Today’s Solutions: December 01, 2021

Back in 2019, we shared how Stockton, California was launching the country’s first universal basic income (UBI) experiment. Spearheaded by former mayor Michael Tubbs, the program was set to run for 24 months from February 2019 to February 2021. Now that the program is nearly complete, we have preliminary results from the first 12 months of the initiative indicating that the program can already be deemed a success. 

The program was orchestrated by the Stockton Economic Empowerment Demonstration (SEED) and funded by private donors. 125 participants were randomly selected from the city’s residents with a yearly median income at or below $46,000. SEED also randomly selected 200 demographically similar subjects to run a simultaneous control group. Each of the 125 participants received a no-strings-attached $500 stipend each month. 

Early data from the experiment shows that full-time employment levels in the UBI group grew faster than in the control group. Full-time employment among the 125 participants rose from 28 percent to 40 percent in the first 12 months compared to a 32 to 37 percent increase in the control group. One of the participants reports that the extra income allowed him the liberty to take an unpaid internship which then translated to a stable full-time position. Another said the money allowed him to reduce his work hours and dedicate the extra time to earning his real estate license.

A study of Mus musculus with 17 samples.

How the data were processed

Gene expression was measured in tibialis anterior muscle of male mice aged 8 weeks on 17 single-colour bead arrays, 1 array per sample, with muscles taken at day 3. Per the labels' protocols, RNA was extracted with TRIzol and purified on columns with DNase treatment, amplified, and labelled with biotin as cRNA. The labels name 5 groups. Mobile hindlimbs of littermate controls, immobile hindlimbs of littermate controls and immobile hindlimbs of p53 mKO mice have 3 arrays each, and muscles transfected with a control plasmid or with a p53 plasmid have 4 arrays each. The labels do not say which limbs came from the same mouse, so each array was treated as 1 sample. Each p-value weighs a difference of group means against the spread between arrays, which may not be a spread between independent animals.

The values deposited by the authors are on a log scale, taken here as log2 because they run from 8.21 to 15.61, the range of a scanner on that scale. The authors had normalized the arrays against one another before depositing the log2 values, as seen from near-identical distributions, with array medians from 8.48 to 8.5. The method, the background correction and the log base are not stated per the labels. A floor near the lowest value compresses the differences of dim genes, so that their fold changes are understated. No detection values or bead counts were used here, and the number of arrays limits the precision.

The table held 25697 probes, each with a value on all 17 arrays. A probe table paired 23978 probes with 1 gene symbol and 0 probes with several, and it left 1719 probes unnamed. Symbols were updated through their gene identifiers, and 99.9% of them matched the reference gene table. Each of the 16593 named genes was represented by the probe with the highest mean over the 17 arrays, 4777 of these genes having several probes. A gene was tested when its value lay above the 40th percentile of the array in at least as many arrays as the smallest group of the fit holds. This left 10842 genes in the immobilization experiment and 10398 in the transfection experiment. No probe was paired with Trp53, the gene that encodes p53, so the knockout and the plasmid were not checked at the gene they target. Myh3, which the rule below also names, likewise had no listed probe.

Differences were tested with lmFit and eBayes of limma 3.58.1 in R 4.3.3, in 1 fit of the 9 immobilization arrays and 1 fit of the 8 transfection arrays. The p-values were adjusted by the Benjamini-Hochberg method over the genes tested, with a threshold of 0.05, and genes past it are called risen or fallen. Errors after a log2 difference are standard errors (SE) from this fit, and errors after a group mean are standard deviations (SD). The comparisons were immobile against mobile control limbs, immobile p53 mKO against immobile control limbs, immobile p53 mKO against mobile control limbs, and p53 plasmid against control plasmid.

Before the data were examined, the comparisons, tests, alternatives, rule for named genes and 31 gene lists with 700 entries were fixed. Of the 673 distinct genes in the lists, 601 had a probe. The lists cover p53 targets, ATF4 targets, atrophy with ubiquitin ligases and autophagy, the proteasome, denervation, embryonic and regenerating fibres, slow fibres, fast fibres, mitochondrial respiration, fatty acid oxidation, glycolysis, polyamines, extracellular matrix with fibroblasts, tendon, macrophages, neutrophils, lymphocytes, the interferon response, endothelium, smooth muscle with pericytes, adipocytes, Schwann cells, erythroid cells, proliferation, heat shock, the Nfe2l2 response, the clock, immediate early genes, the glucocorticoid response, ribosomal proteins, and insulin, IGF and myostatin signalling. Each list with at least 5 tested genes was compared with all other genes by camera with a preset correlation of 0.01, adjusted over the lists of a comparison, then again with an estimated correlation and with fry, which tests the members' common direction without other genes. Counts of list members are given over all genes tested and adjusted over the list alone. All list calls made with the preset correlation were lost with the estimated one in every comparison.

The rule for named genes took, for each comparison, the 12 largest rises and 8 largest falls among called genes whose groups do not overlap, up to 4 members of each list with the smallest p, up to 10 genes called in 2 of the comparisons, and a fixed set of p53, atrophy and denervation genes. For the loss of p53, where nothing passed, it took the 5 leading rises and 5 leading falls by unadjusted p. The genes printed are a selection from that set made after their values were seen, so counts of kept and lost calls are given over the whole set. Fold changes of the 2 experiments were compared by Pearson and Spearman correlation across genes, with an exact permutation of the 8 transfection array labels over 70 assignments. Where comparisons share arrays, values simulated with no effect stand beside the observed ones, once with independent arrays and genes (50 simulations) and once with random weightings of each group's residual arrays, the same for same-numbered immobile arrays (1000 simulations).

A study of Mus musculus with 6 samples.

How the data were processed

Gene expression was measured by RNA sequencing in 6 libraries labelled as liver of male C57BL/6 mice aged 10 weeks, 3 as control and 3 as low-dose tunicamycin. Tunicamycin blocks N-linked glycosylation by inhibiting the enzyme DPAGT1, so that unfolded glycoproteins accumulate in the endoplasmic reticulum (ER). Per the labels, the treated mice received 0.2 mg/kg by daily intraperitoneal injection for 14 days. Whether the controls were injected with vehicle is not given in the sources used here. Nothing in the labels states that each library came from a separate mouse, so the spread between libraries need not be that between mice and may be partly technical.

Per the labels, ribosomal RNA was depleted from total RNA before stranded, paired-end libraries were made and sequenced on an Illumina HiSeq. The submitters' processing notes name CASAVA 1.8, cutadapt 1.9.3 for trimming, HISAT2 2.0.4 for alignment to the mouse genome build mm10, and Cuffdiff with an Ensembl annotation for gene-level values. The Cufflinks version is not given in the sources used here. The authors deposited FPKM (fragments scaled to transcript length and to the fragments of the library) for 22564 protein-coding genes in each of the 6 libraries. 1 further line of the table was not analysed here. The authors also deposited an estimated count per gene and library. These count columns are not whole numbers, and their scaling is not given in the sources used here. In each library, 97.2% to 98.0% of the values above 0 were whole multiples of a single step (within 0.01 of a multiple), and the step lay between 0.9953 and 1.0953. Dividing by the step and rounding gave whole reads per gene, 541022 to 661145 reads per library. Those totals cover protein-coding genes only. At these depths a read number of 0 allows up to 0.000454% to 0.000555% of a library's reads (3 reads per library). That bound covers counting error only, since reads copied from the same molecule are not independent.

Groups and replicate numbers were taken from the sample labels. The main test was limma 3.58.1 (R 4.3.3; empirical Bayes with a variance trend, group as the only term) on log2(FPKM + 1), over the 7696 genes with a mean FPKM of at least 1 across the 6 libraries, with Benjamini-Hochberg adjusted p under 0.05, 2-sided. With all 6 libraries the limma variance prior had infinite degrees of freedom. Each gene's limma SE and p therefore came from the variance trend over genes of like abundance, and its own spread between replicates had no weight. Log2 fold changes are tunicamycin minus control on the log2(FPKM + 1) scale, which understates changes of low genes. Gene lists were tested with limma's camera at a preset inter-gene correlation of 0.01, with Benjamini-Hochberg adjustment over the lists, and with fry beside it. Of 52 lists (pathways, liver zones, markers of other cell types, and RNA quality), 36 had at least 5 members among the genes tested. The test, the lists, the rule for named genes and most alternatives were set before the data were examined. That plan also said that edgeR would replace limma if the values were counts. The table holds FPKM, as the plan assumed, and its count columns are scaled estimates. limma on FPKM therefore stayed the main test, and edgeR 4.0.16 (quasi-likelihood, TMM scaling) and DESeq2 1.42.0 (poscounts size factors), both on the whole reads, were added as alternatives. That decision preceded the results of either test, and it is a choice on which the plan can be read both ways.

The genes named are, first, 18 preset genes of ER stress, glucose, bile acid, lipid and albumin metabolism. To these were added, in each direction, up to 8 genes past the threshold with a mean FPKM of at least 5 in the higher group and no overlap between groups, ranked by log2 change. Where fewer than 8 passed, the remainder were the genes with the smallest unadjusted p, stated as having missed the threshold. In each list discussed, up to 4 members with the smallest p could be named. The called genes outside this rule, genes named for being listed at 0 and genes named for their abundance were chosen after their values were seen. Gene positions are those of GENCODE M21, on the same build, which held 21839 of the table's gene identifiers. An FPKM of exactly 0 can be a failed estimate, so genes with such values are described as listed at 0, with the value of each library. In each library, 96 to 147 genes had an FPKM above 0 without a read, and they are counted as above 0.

Early reports also indicate significantly improved mental health and wellbeing among participants. We recently shared an article about how raising the minimum wage improves mental health because financial security is a primary factor in reducing stress and anxiety. Many of the participants reported using the stipend to pay off credit card debt or relocate to a more stable housing situation. 

We are eager to share the full report from the two-year experiment when it becomes available, but these early indicators lead to the same conclusion many other international UBI experiments have come to: financial boosts for societies most vulnerable have a substantial impact on raising their quality of life and contributes to conditions of long-term financial stability.